Archtober Building of the Day #22
Jacob K. Javits Convention Center
655 West 34th Street
Designed by Pei Cobb in the early 1980s, the Jacob K. Javits Center had fallen into a considerable slump in the years following its debut. Plagued with structural problems, today’s Archtober tour leader and head of the building’s extensive overhaul, Bruce Fowle, began in the center’s Crystal Palace by showing photos of the space before his firm’s massive undertaking. He highlighted two of the worst features of the original structure—the dirty, impossible-to-clean glass and extensive water damage. Almost immediately after opening, large canvas “diapers” were constructed to catch the ever-leaking roof, costing the center nearly one million dollars a year to alleviate the constant influx of water.
Bruce Fowle further explained that the original Javits’ glass was too highly reflective, creating either a problematic glare or a dark, “Darth Vader” appearance. Later, the NYC Audubon Society identified the structure as the number one bird killing structure in New York City. To mitigate both the aesthetic and environmental problems with the existing glass, FXFOWLE Epstein reviewed many glass mockups before deciding to apply a “frit” or glazed dot pattern to the panes, reducing the avian death rate by 90 percent and giving the space a significant solar energy reduction.
Another problem with the old structure was the fact that the original building plan did not include a viable way to clean much of the glass. As a result, some of the panes went without cleaning for more than twenty-five years. FXFOWLE Epstein solved this problem by installing catwalks throughout most of the Crystal Palace, both inside and outside of the building, so that repairs and cleaning could take place on a regular basis.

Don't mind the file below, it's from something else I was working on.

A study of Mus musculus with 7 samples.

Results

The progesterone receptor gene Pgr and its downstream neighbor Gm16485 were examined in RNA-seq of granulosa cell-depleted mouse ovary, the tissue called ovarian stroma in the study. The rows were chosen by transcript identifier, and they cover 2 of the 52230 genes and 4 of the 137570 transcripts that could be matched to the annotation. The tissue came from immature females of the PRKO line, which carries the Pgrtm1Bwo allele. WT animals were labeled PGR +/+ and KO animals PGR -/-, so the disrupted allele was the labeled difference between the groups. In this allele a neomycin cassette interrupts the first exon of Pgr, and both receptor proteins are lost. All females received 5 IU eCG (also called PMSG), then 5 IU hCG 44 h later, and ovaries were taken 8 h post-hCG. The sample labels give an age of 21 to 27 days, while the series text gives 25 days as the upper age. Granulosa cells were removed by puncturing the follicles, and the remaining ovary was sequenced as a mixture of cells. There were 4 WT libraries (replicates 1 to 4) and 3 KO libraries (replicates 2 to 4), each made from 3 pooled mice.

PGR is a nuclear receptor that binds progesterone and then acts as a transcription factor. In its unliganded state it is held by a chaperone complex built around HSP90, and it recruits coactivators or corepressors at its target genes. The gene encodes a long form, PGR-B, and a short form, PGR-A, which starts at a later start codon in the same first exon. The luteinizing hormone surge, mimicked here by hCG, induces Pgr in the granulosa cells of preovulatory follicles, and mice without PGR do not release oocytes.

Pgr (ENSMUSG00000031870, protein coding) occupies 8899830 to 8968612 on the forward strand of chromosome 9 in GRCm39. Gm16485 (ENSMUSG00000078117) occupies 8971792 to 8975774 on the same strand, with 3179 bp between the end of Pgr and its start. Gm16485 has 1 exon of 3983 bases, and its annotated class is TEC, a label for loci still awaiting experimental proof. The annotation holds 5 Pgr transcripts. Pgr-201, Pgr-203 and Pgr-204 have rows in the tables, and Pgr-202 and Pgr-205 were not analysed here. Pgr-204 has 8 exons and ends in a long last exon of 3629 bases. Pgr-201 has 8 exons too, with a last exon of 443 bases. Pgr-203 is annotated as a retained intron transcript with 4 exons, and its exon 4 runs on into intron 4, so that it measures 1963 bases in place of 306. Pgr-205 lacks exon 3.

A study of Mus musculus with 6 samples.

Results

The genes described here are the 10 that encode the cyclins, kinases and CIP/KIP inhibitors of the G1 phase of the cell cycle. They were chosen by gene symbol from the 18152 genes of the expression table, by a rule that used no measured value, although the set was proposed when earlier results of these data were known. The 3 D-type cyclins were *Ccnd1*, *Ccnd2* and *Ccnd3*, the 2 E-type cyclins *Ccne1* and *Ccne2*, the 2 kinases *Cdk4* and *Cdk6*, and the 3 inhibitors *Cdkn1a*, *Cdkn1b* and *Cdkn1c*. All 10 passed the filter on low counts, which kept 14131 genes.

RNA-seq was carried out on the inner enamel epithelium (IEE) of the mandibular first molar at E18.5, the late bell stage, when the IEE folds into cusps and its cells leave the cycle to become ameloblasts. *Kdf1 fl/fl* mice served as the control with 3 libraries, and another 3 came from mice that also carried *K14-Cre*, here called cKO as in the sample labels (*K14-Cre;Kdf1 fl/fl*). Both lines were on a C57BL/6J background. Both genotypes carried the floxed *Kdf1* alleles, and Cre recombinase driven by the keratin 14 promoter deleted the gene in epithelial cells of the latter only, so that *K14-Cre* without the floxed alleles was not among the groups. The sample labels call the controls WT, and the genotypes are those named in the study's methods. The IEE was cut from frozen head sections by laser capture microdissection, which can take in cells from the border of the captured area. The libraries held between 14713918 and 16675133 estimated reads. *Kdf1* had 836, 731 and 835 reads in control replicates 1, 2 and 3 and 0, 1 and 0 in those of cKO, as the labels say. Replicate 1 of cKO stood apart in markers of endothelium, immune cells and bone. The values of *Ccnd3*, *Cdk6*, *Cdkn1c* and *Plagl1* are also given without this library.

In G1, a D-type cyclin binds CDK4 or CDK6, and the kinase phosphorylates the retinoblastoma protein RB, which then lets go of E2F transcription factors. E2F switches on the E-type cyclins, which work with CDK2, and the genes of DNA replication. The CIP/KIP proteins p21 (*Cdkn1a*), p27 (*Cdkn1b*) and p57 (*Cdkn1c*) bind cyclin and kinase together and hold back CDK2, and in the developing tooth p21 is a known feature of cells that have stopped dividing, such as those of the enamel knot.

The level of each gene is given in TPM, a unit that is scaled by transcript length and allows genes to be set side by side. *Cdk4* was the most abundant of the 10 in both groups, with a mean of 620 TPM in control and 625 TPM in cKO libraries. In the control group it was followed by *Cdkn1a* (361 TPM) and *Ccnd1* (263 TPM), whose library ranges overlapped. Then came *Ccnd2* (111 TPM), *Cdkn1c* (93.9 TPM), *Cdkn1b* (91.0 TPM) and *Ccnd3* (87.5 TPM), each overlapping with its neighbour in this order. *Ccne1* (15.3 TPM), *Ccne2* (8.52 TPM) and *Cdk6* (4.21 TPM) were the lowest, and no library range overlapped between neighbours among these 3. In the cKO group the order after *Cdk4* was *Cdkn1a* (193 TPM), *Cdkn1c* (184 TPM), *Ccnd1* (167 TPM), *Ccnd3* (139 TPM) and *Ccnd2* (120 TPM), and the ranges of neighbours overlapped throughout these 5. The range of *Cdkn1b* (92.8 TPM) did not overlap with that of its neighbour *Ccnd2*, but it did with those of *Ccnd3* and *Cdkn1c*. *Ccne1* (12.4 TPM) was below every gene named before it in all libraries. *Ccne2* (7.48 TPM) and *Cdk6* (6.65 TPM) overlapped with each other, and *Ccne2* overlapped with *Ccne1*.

As the tour proceeded to the North Concourse, Bruce Fowle pointed out the renovation to the concrete exposures. Cracked and yellowed after years of layering convention signage, FXFOWLE Epstein brought in experts to create a repair formula. The result was a ceramic material that brightened the concrete but allowed it to retain its original look.
The tour concluded with a behind-the-scenes look at the new green roof. As the second largest green roof in the United States, tour participants happily traded a few very windy and drizzly moments for stunning view of the city and its surroundings. Looking toward the future, FXFOWLE Epstein has partnered with Drexel University to install a climate monitor that measures the roof’s water and soil content, and examines the impact of the roof on the building’s energy load. Future testing will determine how much FXFOWLE Epstein’s reimagining of the Javits will impact the ambient temperature in the entire neighborhood and possibly serve as a catalyst for green retrofitting for New York City’s future.
Hit the books tomorrow with a visit to New York University’s School of Professional Studies!